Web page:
Field female journalists from Northern Uganda are promising to put to work skills gained during a one-day training on Climate Change and Environment reporting as they try to shine light on the injustices and opportunities that exist in their region. The fifteen journalists were recently attending a training organized by Female Journalists Forum Uganda (FEMJOF-UGANDA), a not-for-profit media organization based in Gulu city.
Most of the trained journalists have been in the media for about three years and had never had a training on climate change and environment reporting.
“Having been in the field for three years, I had never attended such a training,” says Ms Cahrity Akullu, a journalist with Daily Monitor. She is based in Lira district.
The one-day training that happened from Golden Peace Hotel in Gulu city, Northern Uganda was aimed at equipping the female journalists with skills to better under climate change and environment reporting and be able to apply the knowledge in their work.
Ms. Esther Nakkazi, a trainer and the Founder of Health Journalists Network in Uganda emphasizes the need for proper research and understanding of the subject when planning to pursue in-depth environmental stories. She says the pitch mirrors into ones’ understanding of their story idea.
“Pitching is a craft you need to learn. Do enough research. Go beyond the press releases and do a unique good story. No editor will reject a good story pitch” Ms. Nakkazi accentuates.
Ms. Nakkazi encourages the journalists to embrace reporting on climate change and environment stories since it has more opportunities.
“Do a good environment story and you will be amazed by open doors of opportunities coming your way,” she adds.
Ms. Diana Taremwa Karakire, a trainer and freelance environment journalist told the female journalists to always relate their environment stories with issues in the communities, reflecting on policies in the country. For instance, taking into account how climate change instigates Gender Based Violence-GBV both locally and nationally.
“Ensure you capture different voices when pursuing your story. Be gender sensitive and relate your stories with issues in the communities like GBV, Sexually Reproductive Health, Mental Health, and Education. Tap into solution stories and other broader National agenda,” Ms. Karakire elaborates.
Arthur Owor, Director of Research and Operations at Centre for Africa Research shares the same sentiment with Ms. Karakire on localizing stories.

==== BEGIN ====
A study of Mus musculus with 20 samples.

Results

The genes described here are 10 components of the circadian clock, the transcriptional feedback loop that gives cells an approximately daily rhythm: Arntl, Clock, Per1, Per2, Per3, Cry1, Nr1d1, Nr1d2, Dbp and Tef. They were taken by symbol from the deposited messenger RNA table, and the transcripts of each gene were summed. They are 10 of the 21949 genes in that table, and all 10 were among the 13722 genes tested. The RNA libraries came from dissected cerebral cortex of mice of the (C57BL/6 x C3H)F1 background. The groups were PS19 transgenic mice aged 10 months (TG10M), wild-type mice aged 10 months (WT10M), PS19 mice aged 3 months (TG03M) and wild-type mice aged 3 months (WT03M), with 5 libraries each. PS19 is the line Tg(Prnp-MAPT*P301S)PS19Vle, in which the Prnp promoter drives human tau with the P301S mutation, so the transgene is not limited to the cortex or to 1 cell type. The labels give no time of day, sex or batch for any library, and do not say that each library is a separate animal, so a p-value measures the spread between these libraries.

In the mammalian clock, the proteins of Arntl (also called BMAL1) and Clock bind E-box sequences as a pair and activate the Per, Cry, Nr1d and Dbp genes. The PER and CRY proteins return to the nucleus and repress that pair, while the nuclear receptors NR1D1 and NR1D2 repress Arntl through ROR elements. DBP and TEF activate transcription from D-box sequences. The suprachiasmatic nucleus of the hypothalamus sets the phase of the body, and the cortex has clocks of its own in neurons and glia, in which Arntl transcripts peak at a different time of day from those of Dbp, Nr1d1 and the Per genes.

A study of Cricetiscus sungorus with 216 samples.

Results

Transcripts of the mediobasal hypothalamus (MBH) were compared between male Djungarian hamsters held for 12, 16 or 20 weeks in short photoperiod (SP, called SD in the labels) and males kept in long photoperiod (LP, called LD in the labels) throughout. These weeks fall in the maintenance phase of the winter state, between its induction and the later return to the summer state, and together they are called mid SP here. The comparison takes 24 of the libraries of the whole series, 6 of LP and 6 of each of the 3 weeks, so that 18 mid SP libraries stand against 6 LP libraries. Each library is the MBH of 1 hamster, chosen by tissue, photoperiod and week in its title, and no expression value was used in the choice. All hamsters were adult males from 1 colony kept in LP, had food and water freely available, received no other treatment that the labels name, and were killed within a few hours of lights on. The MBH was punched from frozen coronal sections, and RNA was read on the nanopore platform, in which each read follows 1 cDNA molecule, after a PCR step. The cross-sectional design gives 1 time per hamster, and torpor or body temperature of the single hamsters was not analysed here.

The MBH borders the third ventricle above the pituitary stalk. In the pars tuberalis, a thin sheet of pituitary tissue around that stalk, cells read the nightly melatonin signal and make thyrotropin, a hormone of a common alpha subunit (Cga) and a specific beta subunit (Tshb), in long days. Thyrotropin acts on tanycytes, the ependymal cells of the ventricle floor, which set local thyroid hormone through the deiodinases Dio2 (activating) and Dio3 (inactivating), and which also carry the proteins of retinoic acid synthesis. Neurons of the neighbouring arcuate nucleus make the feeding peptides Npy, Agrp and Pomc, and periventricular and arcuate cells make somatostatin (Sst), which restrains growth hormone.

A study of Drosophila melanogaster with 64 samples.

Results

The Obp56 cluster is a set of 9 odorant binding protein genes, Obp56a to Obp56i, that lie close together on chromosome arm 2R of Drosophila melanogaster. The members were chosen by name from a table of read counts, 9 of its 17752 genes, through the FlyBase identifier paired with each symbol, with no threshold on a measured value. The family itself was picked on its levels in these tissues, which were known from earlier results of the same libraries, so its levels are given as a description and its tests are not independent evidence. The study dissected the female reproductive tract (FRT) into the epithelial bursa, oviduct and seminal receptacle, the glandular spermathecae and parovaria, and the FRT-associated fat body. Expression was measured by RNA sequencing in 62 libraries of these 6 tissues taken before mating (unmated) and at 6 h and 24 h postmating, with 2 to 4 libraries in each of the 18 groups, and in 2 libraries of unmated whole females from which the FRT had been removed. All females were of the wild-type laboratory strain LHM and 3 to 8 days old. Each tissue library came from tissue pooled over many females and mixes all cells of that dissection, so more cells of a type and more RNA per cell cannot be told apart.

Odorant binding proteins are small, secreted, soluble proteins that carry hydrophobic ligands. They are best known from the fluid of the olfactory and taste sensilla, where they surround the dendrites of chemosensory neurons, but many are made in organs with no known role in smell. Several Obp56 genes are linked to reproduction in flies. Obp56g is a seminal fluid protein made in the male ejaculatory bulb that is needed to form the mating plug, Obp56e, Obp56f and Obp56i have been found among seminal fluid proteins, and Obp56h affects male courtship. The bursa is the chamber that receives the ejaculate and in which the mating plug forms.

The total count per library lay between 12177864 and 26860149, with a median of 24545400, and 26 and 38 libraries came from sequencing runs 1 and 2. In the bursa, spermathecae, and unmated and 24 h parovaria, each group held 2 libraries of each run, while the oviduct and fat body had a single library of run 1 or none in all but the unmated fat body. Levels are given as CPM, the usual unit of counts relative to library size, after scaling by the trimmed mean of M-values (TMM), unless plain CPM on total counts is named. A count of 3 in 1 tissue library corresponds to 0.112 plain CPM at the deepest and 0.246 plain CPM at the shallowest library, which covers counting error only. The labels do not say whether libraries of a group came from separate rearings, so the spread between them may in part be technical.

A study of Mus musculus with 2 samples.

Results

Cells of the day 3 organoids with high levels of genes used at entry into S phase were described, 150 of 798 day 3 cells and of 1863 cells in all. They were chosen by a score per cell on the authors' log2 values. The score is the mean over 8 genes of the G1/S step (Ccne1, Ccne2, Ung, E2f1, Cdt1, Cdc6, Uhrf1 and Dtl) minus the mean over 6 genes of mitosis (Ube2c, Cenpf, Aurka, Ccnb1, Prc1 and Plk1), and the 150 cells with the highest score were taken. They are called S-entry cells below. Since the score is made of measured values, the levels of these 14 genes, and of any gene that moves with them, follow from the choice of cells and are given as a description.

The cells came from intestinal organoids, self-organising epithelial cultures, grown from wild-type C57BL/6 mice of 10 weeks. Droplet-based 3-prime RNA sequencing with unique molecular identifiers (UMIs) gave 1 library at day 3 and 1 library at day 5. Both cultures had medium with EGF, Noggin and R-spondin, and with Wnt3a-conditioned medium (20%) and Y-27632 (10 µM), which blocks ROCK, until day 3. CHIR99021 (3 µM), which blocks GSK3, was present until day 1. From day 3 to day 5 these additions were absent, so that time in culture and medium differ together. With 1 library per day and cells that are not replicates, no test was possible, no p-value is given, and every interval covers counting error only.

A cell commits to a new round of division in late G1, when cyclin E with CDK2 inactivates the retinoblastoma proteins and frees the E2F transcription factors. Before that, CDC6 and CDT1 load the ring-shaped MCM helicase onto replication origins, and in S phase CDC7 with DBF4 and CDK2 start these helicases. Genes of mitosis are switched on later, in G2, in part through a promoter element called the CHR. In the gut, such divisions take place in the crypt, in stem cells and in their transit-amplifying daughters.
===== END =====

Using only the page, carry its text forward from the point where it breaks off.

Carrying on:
“Localize your work as a journalist. Get the local perspectives and pay attention to statistics” Mr. Owor says.
According to Mr. Owor, tackling the problem of climate change and environmental violence needs a collective effort of the local communities, the media, politicians and other developmental partners.
Favor FM journalists, Ms. Ajok, promised to empower her colleagues in the newsroom with the knowledge got from the training to help them pursue environment stories.
“The knowledge I got from the training will help us develop and move together as a team, not only for those reporting on environment but also other beats if I go and teach them on how to pitch,” she happily talks about the training.
On the other hand, Ms. Susan Achola, a journalist working with Radio Wango OO appreciated FEMJOF-Uganda for supporting the female journalists in Northern Uganda with skills that will help them do their work professionally.
A recent report by the UN Environment Programme reveals that “Over-exploitation of our natural resources is increasingly leading to environmental degradation and contributing to reduced ecosystem services and disasters. Reduced ecosystem services in turn contribute to poverty.
“As the world strive to address social equity and economic development in the years to come, our awareness and ability to improve the state of the environment and secure environmental sustainability will shape our future.” The State of Environment Report-Uganda reads in part.
With support from WAN-IFRA African Media Grants, FEMJOF-Uganda trained the 15 female journalists who come from different media houses in the districts and cities of Gulu, Lira, Kitgum, Pader, and Agago to be able to come up with well packaged environment stories to offer alternative voices an create awareness and solutions climate change and environmental injustices.